The Sonoma County Winegrowers is doing its part to fight the wildfires that rage in the region. The group has championed sustainable practices to reduce wildfire spread and advocated for its farmers during the Kincade Fire.
As the Kincade Fire swept through Northern California’s wine country last week, the Sonoma County Winegrowers has been out front helping its 1,800 growers.
“We can’t control mother nature; we can control how prepared we are for it,” said Karissa Kruse, president of SCW. “There are two pieces to this: What do you do to try to not have this happen? And then the other is how do you navigate the last week [of fires and evacuations]?”
To tackle that first piece, SCW has championed sustainable farming practices, which are both environmentally friendly and can hamper a fire’s spread. As of this year, 99 percent of SCW’s farmers are certified as sustainable.
“We’re seeing that agriculture is part of the solution when it comes to these unfortunate fire events,” Kruse said. “When you are managing your landscape so you don’t have dry brush in the middle of your roads and livestock are grazing pastures, you’re removing that fuel. We’re seeing that fires are getting to the edge of a vineyard and then they stop. Or they’re getting to grazed land, and then they stop.”
“We learned a lot about communication, about having one or two point people really be the source of information,” Kruse said. “It was way easier for organizations like ours to be that point.”
Kruse said many of SCW’s farmers did not have email access due to the fires, but were able to receive calls and text messages. Using the SCW contact list, Kruse was able to disseminate a lot of information and encourage growers to listen in on a daily update call hosted by the county’s agriculture commission. SCW also helped its farmers gain access to areas that were generally closed.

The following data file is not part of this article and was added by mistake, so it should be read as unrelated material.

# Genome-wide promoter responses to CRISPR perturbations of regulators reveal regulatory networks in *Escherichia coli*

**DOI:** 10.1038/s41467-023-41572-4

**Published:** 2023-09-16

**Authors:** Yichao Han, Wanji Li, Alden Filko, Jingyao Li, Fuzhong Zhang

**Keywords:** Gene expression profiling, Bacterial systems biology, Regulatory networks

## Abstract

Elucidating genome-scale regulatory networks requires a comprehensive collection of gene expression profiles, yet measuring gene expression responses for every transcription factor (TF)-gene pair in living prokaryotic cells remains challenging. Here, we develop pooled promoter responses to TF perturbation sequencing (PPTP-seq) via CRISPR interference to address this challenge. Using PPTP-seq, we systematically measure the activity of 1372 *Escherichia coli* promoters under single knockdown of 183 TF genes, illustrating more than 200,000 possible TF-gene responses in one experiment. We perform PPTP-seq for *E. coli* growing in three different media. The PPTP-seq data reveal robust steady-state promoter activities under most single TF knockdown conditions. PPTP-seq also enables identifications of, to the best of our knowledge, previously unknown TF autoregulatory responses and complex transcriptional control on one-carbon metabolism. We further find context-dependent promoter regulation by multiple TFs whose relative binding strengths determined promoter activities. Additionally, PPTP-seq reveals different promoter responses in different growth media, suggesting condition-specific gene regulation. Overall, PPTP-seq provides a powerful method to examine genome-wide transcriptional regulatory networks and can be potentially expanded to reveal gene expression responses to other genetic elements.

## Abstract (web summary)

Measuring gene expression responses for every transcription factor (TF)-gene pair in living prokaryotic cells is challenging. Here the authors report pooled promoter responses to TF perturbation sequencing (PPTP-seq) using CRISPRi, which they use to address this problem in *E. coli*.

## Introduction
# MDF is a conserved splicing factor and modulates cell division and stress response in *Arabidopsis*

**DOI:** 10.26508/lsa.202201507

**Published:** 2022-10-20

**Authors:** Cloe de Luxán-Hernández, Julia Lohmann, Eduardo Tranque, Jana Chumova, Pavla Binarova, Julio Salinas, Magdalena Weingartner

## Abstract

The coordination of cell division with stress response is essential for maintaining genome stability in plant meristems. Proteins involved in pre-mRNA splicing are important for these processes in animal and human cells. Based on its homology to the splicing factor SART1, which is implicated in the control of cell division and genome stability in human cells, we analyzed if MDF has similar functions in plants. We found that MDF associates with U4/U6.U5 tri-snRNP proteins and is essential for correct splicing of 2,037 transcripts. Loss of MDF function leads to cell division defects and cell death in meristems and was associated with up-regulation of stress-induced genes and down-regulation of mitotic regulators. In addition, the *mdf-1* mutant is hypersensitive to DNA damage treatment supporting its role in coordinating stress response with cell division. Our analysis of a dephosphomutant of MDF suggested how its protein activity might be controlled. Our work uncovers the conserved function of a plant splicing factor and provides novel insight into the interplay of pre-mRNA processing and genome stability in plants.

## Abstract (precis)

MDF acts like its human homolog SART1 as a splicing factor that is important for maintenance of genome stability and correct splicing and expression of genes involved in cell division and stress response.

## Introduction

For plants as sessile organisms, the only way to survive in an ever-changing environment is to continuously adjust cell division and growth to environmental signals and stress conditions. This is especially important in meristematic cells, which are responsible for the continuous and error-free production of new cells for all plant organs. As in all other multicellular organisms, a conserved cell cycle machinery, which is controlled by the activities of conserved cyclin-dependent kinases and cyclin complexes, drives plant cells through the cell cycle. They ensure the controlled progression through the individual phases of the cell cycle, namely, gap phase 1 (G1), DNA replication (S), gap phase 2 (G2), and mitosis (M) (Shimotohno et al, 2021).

“[We] were able to work with the Sheriff’s office to see when it was safe and where it was safe to get folks in to check their properties, take care of livestock, feed livestock,” Kruse said. “Growers were helping growers. There were lots of folks who would go up together and feed all the animals at once or take hay up there. We saw a lot of collaboration.”
Fortunately, most farmers didn’t face crops losses since about 90 percent of the grapes had been harvested already. And although the Kincade Fire is close to complete containment, Kruse knows that wildfires will likely affect the region again. In those future emergencies, SCW would like to see its growers be able to share their knowledge and expertise.
“We have a lot of equipment and knowledge of our county and the backroads, so we can help be part of the solution,” Kruse said. “We’re trying to figure out how to create a volunteer corps of our farmers who can help support where needed—whether its lending equipment or expertise on terrain or the back roads.”